I believe that leading by example is a great form of leadership, in business or otherwise. When the leaders give it their all, it’s inspiring. When they don’t, it has a negative effect on the team as a whole. That’s another part of why I was concerned by the Cleveland Cavaliers apparently trying to coast into the playoffs this year.
As I’ve said before, their strategy appeared to be to do just well enough (which is good for them because of how talented they are) to make it into the playoffs, thus conserving their energy and playing it safe. They want to put the absolute minimum in so that when they get to the playoffs, they’ll be well-rested and in good shape, ready to turn on their incredible talent. I’ve also said that while what the Cleveland Cavaliers are doing is cause for concern, their basic strategy would be sound in some circumstances.
Holding back is a great idea, sometimes. It’s also a very risky strategy. Here’s why.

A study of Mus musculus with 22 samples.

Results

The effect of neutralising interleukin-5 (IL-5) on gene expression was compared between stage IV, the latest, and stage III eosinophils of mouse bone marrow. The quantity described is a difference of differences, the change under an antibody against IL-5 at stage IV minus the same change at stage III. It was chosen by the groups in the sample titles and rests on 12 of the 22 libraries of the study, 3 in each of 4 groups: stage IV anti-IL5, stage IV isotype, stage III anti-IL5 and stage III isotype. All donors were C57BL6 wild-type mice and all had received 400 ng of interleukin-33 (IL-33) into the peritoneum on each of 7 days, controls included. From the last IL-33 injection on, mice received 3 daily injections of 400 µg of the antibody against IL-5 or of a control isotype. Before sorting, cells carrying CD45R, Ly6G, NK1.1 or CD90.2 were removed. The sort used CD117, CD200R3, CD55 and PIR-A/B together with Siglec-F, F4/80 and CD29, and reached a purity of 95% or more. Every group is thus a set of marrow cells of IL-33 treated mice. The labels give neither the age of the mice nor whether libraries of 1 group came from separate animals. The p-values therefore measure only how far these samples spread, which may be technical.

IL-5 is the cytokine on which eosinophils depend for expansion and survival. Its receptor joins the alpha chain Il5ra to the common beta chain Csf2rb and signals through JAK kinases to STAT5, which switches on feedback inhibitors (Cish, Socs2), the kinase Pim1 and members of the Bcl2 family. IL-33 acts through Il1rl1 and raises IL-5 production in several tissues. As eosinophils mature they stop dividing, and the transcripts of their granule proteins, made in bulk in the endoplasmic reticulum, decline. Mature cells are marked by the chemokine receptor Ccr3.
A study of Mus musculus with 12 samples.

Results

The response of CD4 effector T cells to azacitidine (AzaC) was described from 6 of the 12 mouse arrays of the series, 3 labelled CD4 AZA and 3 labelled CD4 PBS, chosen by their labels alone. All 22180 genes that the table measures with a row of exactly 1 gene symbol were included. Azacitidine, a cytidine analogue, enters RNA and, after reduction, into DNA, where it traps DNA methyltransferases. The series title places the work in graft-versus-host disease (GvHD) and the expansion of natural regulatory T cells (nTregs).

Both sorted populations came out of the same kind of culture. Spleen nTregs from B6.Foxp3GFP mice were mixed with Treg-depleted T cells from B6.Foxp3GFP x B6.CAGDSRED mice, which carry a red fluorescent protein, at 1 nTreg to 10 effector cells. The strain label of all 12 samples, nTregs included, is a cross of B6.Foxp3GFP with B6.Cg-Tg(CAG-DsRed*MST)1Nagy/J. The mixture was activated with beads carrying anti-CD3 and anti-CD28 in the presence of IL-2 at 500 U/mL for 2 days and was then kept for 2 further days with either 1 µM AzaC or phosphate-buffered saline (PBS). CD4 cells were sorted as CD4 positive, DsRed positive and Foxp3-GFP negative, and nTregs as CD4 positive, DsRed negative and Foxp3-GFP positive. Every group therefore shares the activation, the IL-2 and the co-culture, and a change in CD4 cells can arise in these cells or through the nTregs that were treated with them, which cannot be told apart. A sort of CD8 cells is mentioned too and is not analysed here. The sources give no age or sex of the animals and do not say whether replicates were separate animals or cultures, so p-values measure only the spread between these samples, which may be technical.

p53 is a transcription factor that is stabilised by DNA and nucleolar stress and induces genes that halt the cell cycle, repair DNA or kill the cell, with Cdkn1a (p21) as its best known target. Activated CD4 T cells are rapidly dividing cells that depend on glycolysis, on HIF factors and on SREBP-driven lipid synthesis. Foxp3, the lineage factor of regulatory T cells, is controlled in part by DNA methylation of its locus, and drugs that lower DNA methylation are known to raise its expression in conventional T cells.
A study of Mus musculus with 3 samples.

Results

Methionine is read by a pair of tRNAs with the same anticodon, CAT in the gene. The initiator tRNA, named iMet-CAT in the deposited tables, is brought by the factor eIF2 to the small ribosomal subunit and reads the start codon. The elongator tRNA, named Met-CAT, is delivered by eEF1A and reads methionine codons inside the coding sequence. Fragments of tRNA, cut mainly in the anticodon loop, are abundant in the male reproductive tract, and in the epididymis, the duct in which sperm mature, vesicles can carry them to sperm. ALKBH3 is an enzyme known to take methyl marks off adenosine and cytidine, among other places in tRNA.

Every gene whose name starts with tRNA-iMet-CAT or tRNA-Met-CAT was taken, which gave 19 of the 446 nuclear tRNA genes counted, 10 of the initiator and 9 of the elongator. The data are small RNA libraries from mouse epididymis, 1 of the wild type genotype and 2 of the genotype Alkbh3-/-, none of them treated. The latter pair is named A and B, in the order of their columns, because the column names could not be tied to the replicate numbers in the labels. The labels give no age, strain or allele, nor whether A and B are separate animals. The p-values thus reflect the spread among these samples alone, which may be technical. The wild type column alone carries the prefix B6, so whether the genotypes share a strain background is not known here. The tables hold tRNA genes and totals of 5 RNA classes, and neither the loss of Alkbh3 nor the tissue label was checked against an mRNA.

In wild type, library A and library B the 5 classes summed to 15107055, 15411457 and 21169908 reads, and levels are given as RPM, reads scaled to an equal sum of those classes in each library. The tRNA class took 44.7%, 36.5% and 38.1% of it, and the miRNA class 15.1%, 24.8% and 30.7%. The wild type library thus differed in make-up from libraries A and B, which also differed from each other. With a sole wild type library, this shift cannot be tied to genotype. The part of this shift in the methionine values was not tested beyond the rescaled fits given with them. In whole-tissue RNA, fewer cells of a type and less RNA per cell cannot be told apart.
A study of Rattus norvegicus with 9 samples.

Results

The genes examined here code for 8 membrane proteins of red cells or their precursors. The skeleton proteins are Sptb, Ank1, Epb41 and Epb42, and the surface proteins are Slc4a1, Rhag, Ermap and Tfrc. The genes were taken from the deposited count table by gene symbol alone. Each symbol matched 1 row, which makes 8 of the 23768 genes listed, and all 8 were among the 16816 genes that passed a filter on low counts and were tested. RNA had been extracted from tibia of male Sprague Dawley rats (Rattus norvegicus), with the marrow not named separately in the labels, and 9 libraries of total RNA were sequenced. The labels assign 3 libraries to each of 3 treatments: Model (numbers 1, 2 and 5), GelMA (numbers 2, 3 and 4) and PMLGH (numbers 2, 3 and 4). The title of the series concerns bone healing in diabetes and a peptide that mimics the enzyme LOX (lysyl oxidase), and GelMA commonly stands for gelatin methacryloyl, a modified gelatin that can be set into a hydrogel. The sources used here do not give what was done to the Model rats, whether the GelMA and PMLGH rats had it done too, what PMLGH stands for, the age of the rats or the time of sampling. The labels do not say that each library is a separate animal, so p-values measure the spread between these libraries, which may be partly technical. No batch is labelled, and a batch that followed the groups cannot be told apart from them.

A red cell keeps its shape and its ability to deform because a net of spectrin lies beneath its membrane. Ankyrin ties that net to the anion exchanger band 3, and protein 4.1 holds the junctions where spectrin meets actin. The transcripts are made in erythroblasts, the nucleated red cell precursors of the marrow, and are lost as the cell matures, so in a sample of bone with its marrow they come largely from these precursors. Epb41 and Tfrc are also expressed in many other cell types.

Say you’ve decided, for whatever reason, not to play your best, not to give it your all. Maybe you have sound reasons for doing that, and your intention is to flip the switch later, turn on the greatness you know you have, and win. But what if the switch doesn’t flip?
You’ve been painting this picture that the little things don’t matter as much, that excellence doesn’t matter, that it’s ok to lose even when you don’t have to. And you’ve been teaching the rest of your team to do business in that same, half-hearted way. You expect them to turn around and change when you tell them to. What if they can’t? What if you’ve taught them too well not to be excellent? Even if your team still has the potential for greatness, turning it on just isn’t that simple. Ever go on vacation, relax, enjoy, and then come back? That first day can be extremely trying because your body and mind need to adjust to their new surroundings, and those surroundings aren’t as easy as sitting by the pool.
You don’t need to insist on perfection. Every team, in sports or in business, has off-days. But don’t manufacture off-days by taking it easy when work is needed. Don’t risk teaching your team that it’s ok to be mediocre.
If you’re going to use the hang-back-and-rest strategy, find some way to do it that does not encourage laziness and doesn’t sacrifice your role as a leader. Keep your whole team strong and ready so that when it’s time to flip that switch, the switch will flip.